The Remains of River Names

Winner of the 1998 King Arts Commission Publication Award

Briggs’ novel opens with Artie and Janice Graham, former hippies, fleeing as the police close in on their marijuana farm. They show little remorse at leaving their two school-aged sons behind to fend for themselves. These former flower children possess no ideals or purpose and live for the moment through the fifteen-year span of the novel, while their children, trapped in a cycle of selfishness, become isolated and antisocial. As adults, they separately commit assault, drunk driving, and attempted rape.

“Abstract words like sacrifice or hallow are barren beside the concrete names of rivers and mountains like Snoqualimie, Snohomish,” Briggs writes. Like these rivers, the Grahams are unfeeling and cold, raging and stagnating until the novel’s close. Finally, youngest son Dillon alone pursues redemption by attempting to salvage a damaged relationship with his partner. “You are not just a word or a name,” he says.

While the “dreadful business of living, working, and sleeping makes us prisoners right now,” Briggs demonstrates that life attains meaning when one makes a conscious effort to give of oneself. Powerful in its images, Faulknerian in structure and tone, Briggs’ foreboding portrait of contemporary society is challenging and effective. — Samuel Dempsey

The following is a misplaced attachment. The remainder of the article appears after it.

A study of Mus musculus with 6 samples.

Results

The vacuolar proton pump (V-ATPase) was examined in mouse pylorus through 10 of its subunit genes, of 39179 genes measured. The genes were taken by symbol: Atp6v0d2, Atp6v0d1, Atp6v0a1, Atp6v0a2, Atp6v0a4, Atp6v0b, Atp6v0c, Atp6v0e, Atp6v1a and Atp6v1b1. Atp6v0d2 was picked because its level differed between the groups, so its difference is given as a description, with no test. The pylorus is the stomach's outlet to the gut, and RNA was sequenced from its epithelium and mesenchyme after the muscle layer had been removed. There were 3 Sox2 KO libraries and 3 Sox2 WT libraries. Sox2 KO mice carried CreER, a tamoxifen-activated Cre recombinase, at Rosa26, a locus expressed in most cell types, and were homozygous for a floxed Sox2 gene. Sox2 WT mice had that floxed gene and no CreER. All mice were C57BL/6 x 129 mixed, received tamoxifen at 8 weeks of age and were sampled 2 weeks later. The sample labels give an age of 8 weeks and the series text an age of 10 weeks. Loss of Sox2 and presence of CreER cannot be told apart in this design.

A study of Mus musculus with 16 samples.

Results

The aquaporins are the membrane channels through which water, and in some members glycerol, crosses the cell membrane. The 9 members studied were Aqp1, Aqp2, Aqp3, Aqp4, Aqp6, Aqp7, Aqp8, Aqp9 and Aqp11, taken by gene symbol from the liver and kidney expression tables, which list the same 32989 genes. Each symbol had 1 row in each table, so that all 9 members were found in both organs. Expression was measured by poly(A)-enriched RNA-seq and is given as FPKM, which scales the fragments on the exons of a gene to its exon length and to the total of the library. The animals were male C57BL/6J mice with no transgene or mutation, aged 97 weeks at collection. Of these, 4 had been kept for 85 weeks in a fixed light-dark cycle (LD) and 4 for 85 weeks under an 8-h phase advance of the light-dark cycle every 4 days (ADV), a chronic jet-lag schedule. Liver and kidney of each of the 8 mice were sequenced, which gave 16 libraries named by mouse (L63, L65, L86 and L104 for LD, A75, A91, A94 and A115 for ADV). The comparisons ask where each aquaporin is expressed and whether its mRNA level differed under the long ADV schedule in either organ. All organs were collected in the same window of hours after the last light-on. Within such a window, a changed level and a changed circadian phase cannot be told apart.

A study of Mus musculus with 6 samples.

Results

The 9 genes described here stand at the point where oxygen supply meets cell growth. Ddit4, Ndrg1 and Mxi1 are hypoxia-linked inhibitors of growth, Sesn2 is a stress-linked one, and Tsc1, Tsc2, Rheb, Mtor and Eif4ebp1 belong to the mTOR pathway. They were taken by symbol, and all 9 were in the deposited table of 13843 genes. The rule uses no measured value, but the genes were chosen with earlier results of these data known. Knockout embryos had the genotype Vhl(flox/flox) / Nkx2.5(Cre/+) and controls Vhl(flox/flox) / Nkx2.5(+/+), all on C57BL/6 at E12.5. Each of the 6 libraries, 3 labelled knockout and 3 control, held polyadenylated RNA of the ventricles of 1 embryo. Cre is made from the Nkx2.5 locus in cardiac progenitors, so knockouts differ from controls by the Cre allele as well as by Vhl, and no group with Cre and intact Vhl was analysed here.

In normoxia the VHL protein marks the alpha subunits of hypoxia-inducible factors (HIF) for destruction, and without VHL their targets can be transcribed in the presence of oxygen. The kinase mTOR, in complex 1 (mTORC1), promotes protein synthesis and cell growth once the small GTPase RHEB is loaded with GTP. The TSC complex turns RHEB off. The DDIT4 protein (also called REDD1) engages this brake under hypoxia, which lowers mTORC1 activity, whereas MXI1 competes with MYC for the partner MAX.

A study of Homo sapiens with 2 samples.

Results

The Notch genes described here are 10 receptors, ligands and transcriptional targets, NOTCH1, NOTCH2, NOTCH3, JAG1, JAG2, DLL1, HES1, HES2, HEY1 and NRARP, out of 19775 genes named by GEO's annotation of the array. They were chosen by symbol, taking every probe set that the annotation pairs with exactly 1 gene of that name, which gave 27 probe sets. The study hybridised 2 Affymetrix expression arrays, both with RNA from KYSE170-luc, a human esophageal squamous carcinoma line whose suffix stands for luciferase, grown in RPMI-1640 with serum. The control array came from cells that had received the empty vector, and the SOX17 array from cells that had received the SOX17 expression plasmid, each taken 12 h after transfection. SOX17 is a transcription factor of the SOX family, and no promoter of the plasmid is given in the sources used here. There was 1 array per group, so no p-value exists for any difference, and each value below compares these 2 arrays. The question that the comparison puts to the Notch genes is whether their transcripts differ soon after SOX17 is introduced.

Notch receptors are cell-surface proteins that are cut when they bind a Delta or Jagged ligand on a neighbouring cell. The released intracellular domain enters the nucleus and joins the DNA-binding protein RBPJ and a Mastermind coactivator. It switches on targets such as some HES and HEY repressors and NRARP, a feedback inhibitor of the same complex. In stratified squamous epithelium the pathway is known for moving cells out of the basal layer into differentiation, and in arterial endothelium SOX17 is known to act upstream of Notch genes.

Briggs has captured the America that neither progressives nor family-value advocates want to think about, where bohemianism has degenerated into dangerous dropping out.
Ann Powers, The New York Times Book Review

Briggs exhibits an impressive gift for conveying dark situations and murky motives with illuminating clarity. His mutlivalenced prose frequently spotlights his characters’ befuddled, soulful searches for greater meaning, capturing the atmosphere of ambivalence, despair, and stifled hope.
Publishers Weekly

Briggs characters are achingly fine, wringing empathy and exasperation at every blundering turn.

With this first collection that functions as a novel, Matt Briggs adds to the gravelly layers of “Northwest writing,” while the controversy over what the moniker means must continue. The Remains of River Names is a beautiful, blunt, and haunting book, one that takes regionalism and splinters it; Briggs’ is a voice that will take our area into the future, and I for one look forward to it.
Traci Vogel, The Stranger

The Remains of River Names sits on the stomach like a cold flat stone, indigestible, and so it should. […] Northwest writing (Brautigan, Kesey, Carver, Hugo) likes to dwell on sodden lives, and Matt Briggs has taken them to the next generation.
The American Book Review

[An auspicious debut volume for 29-year-old Matt Briggs, whose sharp-eyed yet sympathetic vision of life in the overgrown, semi-rural backwaters of the Pacific Northwest puts him somewhere on the spectrum that leads from Raymond Carver to Kurt Cobain. His style is certainly terse and declarative in the now-familiar Carver tradition. But his characters are often startlingly self-aware, and even in their dead-end desperation they remain alive to the remarkable landscapes, both fecund and desolate, that surround them.
Andrew O’Hehir, Salon

The Remains of River Names was discussed in an article about The Stranger’s Genius Awards.